Why a pheasant permit, and why so much?

It will cost hunters more to chase stocked pheasants this fall, sure. But the alternative, Game Commission officials say, was no birds at all.

It’s likely to soon cost more to hunt pheasants than in the past. That’s close to a given.

There was some surprising debate on how much more, though.

Pennsylvania Game Commissioners gave preliminary approval to creating a pheasant permit at their most recent meeting. If the measure gains final approval in March – something that’s very likely — adult hunters will have to buy a $25 pheasant permit to chase stocked birds starting this fall.

Junior hunters would be exempt from having to buy a permit.

The reasoning behind the permit, commissioners say, is purely financial.

It cost the commission more than $4 million to raise and stock 220,000 pheasants last season. It says it can no longer afford that expense, not without an increase in the cost of hunting licenses.

Those prices haven’t changed since 1999.

The commission closed two of its four game farms to cut expenses. The permit – expected to raise about $1.5 million – is the next step in offsetting costs, commissioners said.

That money won’t pay for the program in its entirety, noted board president Brian Hoover of Delaware County. The commission will still need to supplement that with $1 million from its general operating budget.

It won’t allow the commission to continue stocking birds at current levels either.

Bob Boyd, the biologist who heads up the commission’s propagation program, said the goal is to produce 170,000 birds for this year.

But without the permit, none of that would be possible, commissioners agreed.

Where there was some debate was in how much the permit should cost.

A couple of board members would have preferred a different price. Dave Putnam of Centre County said he suggested $20. Commissioner Bob Schlemmer of Westmoreland County agreed. That price might keep more people hunting, he said.

“If you’re buying something, it’s a little easier to lay out a $20 bill than a $20 bill and $5 bill,” Schlemmer said.

“I don’t think that has anything to do with it,” Hoover countered.

There might be something to that.

A handful of people testified in person at the commission meeting in regards to the pheasant permit. There’s one caveat – most represented organized hunters, rather than the more typical unaffiliated one – but all said they’d be willing to pay the $25.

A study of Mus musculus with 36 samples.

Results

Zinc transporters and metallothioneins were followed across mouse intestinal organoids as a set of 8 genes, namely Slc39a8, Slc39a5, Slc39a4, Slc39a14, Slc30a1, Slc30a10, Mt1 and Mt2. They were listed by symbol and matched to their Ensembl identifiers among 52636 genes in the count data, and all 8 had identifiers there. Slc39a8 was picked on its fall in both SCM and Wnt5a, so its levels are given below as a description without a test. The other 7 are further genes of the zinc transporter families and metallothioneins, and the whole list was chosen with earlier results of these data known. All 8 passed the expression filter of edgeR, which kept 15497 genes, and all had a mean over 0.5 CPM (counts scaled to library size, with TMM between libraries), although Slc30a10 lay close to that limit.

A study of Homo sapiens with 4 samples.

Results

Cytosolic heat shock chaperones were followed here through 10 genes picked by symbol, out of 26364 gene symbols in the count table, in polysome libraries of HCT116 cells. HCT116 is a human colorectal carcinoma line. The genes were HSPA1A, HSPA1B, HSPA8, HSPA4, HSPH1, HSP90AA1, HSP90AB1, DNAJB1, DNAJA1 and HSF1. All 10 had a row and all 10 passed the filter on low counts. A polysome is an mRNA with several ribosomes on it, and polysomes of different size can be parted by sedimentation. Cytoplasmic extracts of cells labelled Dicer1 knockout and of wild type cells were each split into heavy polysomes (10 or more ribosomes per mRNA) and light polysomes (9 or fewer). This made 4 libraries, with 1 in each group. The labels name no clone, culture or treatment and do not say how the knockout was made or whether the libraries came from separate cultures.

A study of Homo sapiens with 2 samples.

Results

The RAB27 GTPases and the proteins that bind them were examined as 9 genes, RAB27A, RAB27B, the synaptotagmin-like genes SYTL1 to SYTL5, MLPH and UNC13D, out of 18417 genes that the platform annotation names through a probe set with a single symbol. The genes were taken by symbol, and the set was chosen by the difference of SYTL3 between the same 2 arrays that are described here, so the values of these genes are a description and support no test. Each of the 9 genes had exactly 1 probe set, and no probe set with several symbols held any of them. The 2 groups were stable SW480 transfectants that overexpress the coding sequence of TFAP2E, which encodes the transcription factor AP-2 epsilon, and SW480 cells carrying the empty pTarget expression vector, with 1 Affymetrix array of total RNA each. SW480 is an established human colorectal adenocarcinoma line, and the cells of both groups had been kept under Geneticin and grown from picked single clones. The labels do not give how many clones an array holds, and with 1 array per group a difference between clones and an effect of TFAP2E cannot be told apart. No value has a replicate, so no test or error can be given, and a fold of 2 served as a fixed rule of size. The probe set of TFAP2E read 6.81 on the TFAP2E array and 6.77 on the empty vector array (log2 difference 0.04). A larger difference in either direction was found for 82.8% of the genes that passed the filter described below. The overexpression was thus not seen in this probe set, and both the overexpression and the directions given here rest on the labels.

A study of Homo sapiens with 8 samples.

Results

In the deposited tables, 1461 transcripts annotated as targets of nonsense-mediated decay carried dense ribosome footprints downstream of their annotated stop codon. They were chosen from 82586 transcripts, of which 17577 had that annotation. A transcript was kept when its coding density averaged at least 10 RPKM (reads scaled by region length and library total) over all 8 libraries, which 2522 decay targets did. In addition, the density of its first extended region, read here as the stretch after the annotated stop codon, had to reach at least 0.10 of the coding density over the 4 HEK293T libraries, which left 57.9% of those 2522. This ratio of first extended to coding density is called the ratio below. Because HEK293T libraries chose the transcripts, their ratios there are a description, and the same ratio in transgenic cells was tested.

Bob Schmid of the North Central PA Chapter of Pheasants Forever said that group has a “strong preference” for lawmakers simply raising the cost of general hunting licenses as a way to find the stocking program. Without that, though, members are willing to buy a permit, he added.

The president of the Palmyra Sportsmen’s Association in Annville, Skip Klinger, made similar comments. An increase in general fees is what’s really needed, he noted, but a pheasant permit to keep the stocking program alive is OK in the short term.

Denny Dusza, a retired director of the agency’s northcentral region office – who’s been promoting the idea of a pheasant permit for more than a year – likewise hailed its likely creation as a positive step.

And a necessary one, he added.

No one likes to pay more for anything, he said. But nothing – not even prices – stay the same forever.

“Life just doesn’t work that way,” Dsuza said.

In the end, it’s come to this, Putnam said: hunters either have to pay more to chase pheasants or they have to give up the sport.

Bobwite quail have disappeared from the landscape as a wild species, as have – for the most part – pheasants, he said. Ruffed grouse are the latest upland bird to be growing “increasingly insignificant,” he said.

Stocked pheasants are close to the only game in town, he said. They remain popular, too, he added, enough so that commissioners think a pheasant permit will be received at least well enough to keep the program alive.

“It generates quite a few hunter days, I know that,” he said.